Class Action

Legislative action needed on arbitration clauses: Waddell

By Staff

Ontario’s legislature must act after the Supreme Court of Canada barred businesses from joining a consumer class action over alleged cellphone overbilling, Toronto class-action lawyer Margaret Waddell tells

“The majority decision has flagged this as a problem for the legislature to fix, and I would hope they take that message and fix it,” says Waddell, partner with Waddell Phillips Professional Corporation. “When it comes to these types of contracts of adhesion, where they don’t have any bargaining or negotiating power, there really is no principled basis to treat businesses differently from individual consumers.

“I would love to see legislative changes that recognize arbitration clauses in these contracts are not enforceable,” she adds.

More than a million consumers are suing a major telecommunications company in a $500-million class action that was allowed to move forward despite class members signing standard contracts requiring arbitration of disputes, rather than litigation in court.

But in its 5-4 ruling, the majority of the top court panel found business clients of the phone company who signed contracts containing identical clauses were bound to proceed to arbitration, rather than joining the existing class action.

While Ontario’s Consumer Protection Act shielded consumers from the enforcement of arbitration clauses in certain circumstances, that same protection could not be extended to businesses, the court’s majority wrote, emphasizing the policy-setting role of legislatures.

“The primary role of the courts, in my view, is to interpret and apply those laws according to their terms, provided they are lawfully enacted. It is not the role of this Court to re-write the legislation,” wrote Justice Michael Moldaver for the majority. “The legislature made a careful policy choice to exempt consumers — and only consumers — from the ordinary enforcement of arbitration agreements. That choice must be respected, not undermined by reading s. 7(5) in a way that permits courts to treat consumers and non-consumers as one and the same.”

Waddell says she was “disappointed, but not surprised” by the ruling, noting that the decision referenced a number of other top-court cases that engaged in similar analyses.

“What they basically said is that it’s up to the government to disallow arbitration in the context of class actions, and they will look at the text of the legislation to ascertain whether that ability exists,” she says.

However, Waddell says she held out some hope for a change in approach, considering the Supreme Court’s previous refusal to interfere with an Ontario Court of Appeal decision certifying a class action brought by both business and consumer clients of a computer company.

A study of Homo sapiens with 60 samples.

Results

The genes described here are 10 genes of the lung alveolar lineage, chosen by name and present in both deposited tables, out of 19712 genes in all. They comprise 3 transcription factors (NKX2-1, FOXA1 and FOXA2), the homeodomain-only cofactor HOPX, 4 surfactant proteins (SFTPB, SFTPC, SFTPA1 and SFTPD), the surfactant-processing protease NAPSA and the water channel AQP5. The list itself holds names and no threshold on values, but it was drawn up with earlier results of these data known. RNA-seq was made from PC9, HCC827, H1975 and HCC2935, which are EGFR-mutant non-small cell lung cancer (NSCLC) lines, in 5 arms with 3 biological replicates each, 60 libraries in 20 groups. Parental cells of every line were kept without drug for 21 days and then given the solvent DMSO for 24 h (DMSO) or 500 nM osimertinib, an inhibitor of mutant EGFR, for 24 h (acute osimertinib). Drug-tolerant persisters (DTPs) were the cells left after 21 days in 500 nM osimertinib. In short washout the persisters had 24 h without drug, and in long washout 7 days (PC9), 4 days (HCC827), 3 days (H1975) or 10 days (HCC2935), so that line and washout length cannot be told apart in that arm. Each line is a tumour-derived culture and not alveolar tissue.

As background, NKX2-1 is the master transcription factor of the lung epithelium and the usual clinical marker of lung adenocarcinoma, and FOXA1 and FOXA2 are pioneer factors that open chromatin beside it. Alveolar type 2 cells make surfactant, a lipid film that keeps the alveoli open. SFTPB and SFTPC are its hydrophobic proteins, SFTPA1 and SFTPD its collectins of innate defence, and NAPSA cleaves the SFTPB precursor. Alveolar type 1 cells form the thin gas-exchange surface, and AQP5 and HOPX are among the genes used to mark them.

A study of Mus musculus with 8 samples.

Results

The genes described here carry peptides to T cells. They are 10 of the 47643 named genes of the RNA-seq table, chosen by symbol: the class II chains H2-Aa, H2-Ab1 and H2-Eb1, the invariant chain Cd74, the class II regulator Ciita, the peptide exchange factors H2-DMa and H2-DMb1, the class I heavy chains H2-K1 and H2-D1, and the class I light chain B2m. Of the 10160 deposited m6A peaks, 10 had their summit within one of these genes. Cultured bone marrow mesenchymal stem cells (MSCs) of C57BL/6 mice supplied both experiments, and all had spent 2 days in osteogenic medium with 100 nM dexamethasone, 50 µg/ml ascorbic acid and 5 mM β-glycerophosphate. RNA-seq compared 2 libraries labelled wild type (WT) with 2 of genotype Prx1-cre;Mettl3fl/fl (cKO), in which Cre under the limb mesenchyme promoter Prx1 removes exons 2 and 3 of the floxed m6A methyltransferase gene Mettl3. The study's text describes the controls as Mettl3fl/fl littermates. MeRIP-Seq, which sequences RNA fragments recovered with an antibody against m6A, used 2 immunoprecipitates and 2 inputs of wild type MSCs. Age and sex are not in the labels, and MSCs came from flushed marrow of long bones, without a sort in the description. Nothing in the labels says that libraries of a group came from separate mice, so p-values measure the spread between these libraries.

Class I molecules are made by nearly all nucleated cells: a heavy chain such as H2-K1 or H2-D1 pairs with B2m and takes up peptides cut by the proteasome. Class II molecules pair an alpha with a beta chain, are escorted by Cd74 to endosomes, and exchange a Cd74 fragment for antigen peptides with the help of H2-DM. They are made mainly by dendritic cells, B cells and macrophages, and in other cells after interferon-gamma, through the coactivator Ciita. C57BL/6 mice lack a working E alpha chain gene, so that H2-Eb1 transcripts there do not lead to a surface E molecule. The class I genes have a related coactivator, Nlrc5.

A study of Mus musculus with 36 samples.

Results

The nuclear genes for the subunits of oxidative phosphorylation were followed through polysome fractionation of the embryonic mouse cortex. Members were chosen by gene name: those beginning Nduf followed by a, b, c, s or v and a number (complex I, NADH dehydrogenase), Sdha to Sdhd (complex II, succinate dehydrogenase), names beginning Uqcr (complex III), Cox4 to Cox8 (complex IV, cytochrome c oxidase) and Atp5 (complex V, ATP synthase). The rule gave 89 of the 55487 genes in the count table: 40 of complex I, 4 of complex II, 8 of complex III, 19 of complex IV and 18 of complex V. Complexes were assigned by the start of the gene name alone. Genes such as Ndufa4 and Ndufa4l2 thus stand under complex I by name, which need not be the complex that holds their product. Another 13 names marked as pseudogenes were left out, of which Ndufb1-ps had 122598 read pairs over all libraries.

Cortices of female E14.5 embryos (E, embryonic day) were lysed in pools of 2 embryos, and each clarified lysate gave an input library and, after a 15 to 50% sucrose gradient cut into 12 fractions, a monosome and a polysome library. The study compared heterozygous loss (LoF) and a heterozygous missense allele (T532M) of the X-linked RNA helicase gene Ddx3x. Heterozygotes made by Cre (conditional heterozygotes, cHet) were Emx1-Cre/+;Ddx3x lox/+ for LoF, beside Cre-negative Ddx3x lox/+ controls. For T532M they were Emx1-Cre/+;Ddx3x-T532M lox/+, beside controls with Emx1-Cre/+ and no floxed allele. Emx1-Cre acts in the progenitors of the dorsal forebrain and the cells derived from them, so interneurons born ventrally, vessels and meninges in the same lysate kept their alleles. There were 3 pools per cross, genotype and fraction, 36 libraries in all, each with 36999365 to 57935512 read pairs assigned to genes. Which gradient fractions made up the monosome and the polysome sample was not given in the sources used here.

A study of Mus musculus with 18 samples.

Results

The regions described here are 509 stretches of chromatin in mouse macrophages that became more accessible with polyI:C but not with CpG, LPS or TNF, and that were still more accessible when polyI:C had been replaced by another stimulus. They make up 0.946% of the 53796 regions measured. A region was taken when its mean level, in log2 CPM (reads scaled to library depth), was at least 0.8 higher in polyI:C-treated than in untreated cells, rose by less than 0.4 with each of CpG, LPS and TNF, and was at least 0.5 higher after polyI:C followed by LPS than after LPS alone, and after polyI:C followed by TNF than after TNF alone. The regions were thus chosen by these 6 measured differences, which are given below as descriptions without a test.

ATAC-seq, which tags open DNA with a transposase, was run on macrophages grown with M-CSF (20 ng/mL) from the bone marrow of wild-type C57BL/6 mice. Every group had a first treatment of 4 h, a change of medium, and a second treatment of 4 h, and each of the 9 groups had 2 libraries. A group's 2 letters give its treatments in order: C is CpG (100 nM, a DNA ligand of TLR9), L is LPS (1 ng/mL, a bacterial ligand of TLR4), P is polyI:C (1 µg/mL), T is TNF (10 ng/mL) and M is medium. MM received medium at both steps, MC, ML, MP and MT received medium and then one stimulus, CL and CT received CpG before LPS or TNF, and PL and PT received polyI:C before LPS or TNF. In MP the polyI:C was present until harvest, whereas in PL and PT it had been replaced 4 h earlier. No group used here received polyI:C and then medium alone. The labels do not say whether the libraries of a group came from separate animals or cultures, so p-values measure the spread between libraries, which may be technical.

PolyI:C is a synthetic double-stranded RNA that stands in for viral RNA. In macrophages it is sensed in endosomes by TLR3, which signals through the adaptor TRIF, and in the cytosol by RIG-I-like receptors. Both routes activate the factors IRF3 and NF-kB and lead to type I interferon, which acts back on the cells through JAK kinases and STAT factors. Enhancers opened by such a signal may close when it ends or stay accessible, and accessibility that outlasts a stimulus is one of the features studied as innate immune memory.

“The Court of Appeal essentially said that if you’ve got a class action where consumer claims are proceeding, and there are business claims dealing with the exact same issue, then from an efficiency point of view, it makes sense to include them in the class action,” she says.

“They recognized that when you’re talking about contracts of adhesion, you’re not really talking about two parties when it comes to negotiated terms of agreements. Instead, the service provider is actually crafting a barrier to dispute resolution because the cost to any single business of doing an arbitration will always swamp any claim they have,” Waddell says.

The most recent Supreme Court cases involved claims for alleged breach of contract and unjust enrichment over cellphone billing. The plaintiffs claimed the company’s standard terms and conditions for per-minute plans failed to mention that time usage charges would be rounded up to the next minute, speeding the depletion of agreed allowances.

The case boiled down to the interpretation of s. 7(5) of Ontario’s Arbitration Act, which gives judges discretion in certain circumstances to allow an entire proceeding to continue, even when some of the parties would otherwise be subject to an arbitration clause.
But Moldaver and his colleagues in the majority found the clause was not engaged in this case because the class action dealt exclusively with issues covered by the arbitration agreement.

In their dissent, four judges said they would have sided with the business customers, concluding that the Arbitration Act gives judges discretion to allow court proceedings where an arbitration agreement is “manifestly unfair.”

“In our view, where a proceeding includes both matters covered by an arbitration agreement and other matters that are not, s. 7(5) gives a judge discretion to allow the entire proceeding to continue in court, even if some parties would otherwise be subject to an arbitration clause,” they wrote. “[The company’s] individualized arbitration clause effectively precludes access to justice for business clients when a low-value claim does not justify the expense. And its mandatory nature, in turn, illustrates that the animating rationales of party autonomy and freedom of contract are nowhere to be seen.”